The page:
Does Charismatic Worship Go Too Far?

This week, Pastor J.D. answers a question in his recent sermon: “Does charismatic worship go too far?”

Show Notes:

  • Let me give you twin worship principles to hold in tension:
    • Different cultures (and different personalities) have different ways of expressing emotion. Different cultures and different traditions have distinct ways of expressing emotion and reverence and worship, and that’s ok.
    • I’ve learned this most as we’ve tried to make strides in becoming a multi-ethnic church. As you know, pursuing ethnic unity is much bigger than just worship style. But worship is one area where our church has learned a ton from various cultures being involved.
      • For example, we have a lot of traditional Southern Baptists in our church. When they are really into it in church, they tend to sing with a lot of gusto. There’s not a lot of movement in their worship, and many of them can’t even clap on beat, but there’s plenty of volume, especially when we bring out those old hymns. If they get totally into it, they may even lift one arm for a moment like they are trying to ask a question. And if they are experiencing full-on revival, they’ll sway back and forth with both arms bent 90 degrees at the elbows, as if they’re carrying a giant, invisible microwave oven. And when I preach, they’ll let out punctuated, staccato “Amens” when I say something they think is powerful, especially if I alliterate it.
      • Mixed in among them is a sizable number of people who grew up in churches that were a bit more loquacious with their sermon feedback.
    • During worship, a lot of former Pentecostals add in some rhythmic clapping, shouting, and jumping that I don’t typically see from our members who grew up at First Baptist.
    • Our Latino members combine this sanctified enthusiasm with what can only be called a supernatural endurance. For them, anything less than two hours of singing cannot legitimately be called “worship.” I’m serious: the first time I attended a service at our Summit en Español campus, I missed lunch with my family. And I think dinner, too.
  • So here’s the question: Which of these is the correct, biblical way to worship? Amen.
  • What is wrong is when we elevate our preferences and make them normative. Remember what God told Samuel earlier in 1 Samuel? Don’t judge the outside, Samuel “Man looks on the outside, but I look on the heart.
  • I grew up in a church with some of the godliest people I’ve ever known—many lived the most sacrificial lives; they were people of integrity; they were people of deep prayer, people who brought others to Jesus consistently—they were just quieter and less expressive.
    • But I know people who would look at them self righteously and say, “They are not filled with the Spirit.” Man looks on the outside, but God looks on the heart.
  • Here’s the other worship principle: All worship should have elements of passion and self-forgetfulness.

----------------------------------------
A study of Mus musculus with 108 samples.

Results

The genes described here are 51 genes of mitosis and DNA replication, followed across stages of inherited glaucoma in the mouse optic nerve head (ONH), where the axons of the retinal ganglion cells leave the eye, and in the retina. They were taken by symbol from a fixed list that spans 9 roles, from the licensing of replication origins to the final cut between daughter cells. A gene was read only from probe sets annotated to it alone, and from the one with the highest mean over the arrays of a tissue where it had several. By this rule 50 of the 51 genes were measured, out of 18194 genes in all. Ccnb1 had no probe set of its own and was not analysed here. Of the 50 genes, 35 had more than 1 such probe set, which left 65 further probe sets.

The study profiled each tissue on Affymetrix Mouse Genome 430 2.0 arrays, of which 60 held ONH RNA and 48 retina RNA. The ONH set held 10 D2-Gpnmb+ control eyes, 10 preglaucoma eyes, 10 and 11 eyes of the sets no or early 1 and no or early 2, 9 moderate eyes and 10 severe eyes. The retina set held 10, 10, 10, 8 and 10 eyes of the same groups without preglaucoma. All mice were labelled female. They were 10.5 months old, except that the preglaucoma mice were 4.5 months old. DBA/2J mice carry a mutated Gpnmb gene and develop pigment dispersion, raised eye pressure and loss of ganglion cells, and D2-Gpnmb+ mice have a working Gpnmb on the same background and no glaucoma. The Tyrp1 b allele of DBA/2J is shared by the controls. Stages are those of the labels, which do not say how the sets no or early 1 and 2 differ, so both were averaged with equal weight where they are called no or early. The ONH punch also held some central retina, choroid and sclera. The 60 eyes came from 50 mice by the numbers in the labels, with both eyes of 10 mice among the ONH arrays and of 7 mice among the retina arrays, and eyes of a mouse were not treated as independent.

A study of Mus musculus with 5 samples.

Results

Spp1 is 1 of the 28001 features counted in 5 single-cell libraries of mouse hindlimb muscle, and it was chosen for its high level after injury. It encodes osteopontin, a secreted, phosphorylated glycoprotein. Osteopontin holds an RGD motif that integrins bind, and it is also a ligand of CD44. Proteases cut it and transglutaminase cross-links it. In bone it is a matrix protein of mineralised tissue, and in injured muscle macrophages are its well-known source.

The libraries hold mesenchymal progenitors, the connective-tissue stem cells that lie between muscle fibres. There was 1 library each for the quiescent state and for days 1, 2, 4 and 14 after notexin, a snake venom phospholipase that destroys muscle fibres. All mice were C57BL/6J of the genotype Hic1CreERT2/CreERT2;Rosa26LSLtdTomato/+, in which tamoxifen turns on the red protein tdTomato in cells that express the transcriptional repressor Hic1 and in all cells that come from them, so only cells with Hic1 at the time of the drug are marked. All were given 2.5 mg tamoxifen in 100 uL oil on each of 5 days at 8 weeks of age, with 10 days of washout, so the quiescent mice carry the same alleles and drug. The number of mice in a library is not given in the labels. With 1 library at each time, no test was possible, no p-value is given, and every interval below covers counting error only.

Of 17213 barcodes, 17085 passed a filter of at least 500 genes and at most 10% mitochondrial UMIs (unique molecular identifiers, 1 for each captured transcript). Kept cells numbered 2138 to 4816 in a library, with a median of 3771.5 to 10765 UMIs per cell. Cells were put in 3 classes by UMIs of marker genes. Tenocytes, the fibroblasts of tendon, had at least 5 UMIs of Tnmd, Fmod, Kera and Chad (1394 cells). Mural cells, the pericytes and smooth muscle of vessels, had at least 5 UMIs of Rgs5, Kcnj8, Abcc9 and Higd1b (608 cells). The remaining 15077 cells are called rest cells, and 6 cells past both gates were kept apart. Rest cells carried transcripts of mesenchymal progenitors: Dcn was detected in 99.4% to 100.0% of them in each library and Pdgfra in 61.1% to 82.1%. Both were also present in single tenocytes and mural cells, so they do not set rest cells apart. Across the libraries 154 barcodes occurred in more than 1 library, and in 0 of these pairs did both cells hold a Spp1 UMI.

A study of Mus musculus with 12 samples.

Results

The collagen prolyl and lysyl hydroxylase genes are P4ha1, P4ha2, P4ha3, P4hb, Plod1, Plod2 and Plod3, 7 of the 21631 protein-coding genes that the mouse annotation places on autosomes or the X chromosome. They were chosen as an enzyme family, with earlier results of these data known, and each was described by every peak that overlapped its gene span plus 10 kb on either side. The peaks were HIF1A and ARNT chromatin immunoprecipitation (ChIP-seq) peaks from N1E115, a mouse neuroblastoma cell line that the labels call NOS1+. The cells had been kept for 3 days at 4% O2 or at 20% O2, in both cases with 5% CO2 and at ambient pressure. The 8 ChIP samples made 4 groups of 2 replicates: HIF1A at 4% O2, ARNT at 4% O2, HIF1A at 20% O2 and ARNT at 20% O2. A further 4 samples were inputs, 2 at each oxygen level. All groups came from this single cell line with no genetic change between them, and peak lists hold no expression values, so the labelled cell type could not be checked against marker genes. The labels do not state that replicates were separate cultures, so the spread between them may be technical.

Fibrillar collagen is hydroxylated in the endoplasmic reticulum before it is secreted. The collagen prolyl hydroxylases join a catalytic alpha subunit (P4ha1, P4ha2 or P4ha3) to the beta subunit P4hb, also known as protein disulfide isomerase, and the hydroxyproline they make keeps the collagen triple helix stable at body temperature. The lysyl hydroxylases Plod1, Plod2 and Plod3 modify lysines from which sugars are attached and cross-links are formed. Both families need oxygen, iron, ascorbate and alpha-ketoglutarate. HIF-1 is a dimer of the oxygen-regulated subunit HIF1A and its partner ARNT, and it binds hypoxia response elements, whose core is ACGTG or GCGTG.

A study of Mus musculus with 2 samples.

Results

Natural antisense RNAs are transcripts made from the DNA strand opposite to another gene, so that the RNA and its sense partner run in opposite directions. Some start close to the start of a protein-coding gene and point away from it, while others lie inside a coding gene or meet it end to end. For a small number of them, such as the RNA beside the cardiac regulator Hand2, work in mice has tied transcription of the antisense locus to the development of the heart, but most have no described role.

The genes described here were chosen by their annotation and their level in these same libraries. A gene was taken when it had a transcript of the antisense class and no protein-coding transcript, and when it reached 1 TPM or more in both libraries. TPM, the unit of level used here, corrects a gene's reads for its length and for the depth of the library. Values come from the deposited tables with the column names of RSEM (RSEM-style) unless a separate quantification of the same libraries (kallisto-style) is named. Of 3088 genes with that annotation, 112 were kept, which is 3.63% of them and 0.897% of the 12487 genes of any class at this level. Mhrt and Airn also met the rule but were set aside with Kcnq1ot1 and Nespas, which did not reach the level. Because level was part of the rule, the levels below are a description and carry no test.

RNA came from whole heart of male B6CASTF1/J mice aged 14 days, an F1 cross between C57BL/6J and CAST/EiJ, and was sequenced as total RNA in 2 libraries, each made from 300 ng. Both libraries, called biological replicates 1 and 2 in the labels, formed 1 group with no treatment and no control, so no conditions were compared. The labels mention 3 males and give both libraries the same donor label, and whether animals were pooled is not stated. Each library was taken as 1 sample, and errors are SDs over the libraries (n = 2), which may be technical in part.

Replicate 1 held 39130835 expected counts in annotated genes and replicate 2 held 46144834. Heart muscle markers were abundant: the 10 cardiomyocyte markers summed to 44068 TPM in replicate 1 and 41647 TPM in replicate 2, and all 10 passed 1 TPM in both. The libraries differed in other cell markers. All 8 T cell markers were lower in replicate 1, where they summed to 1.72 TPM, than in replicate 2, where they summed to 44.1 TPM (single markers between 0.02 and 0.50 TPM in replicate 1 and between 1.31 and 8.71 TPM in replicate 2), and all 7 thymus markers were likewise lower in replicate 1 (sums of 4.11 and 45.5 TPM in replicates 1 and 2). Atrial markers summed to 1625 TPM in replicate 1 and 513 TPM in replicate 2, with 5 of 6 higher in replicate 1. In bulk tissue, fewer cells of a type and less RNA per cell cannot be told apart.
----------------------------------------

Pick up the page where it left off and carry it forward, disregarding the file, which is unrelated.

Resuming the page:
• Remember, “undignified” is the word David used in 2 Samuel 6:22.
      • He said to Michal, “And I will make myself even more undignified than this when I worship…!” The word here implies self-forgetfulness.
      • What David said is, ‘When I worship, I’m not going to think about what people are thinking about me; I’m going to think about what they are thinking about God.” It is true we all do things differently, but the corresponding truth is that all worship should contain elements of passion and self-forgetful expressiveness.
  • More than 20x in Scripture we are encouraged, even commanded, to raise our hands in worship.
    • Here’s just a few examples: Psalm 88:9, “I call for you every day, O Lord; I spread out my hands like a child toward you.” Psalm 143:6, “I spread out my hands to you. My soul thirsts for you like a man in a parched land.” Psalm 28:2, “Hear my cry for mercy as I call to You for help; as I lift my hands…” Psalm 134:2, “Lift your hands in the sanctuary and bless the Lord.”
  • You say, “But isn’t it hypocritical to do something I don’t feel in my heart?”
    • No. Here’s how obedience works: sometimes as you are obeying, when you don’t feel like it, God changes your heart to desire what you are doing. In some ways, your obedience is like a cry to God to change your heart.
    • In fact, here’s a little secret: the posture of our bodies actually guides the emotions of your heart. That’s how God designed us. Psychologists tell us that we are psychosomatic creatures, which means our souls and bodies are intertwined.
    • So, when I get into a posture of surrender, I feel emotions of surrender. When I adopt a posture of reverence, it helps guide my heart to feel reverence.
    • A lot of times we think that the posture of our body is a reflection of our heart; but often the posture of our body serves as the guide, the catalyst for our heart.
  • I want fellow believers to see my worship, who know when I’m going through a hard time, and they see my hands raised and joy on my face and tears in my eyes, when they know everything is going wrong in my life, and they say, “Now, this must be a God worth trusting! This God must be so amazing that he gives you joy even when everything is not going your way!”
  • Listen, I’m not trying to contradict what I said earlier about different cultures and different personalities having different ways of expressing emotion, no one necessarily better than the others. I’m just saying that in all worship we ought to see expressiveness and passion and, sometimes, we ought to look undignified.
  •  We go forward with these twin, complementary truths:
    • Different cultures (and different personalities) have different ways of expressing emotion. (and you’re not the judge of anybody else).
    • All (gospel-based) worship should have elements of passion and self-forgetfulness.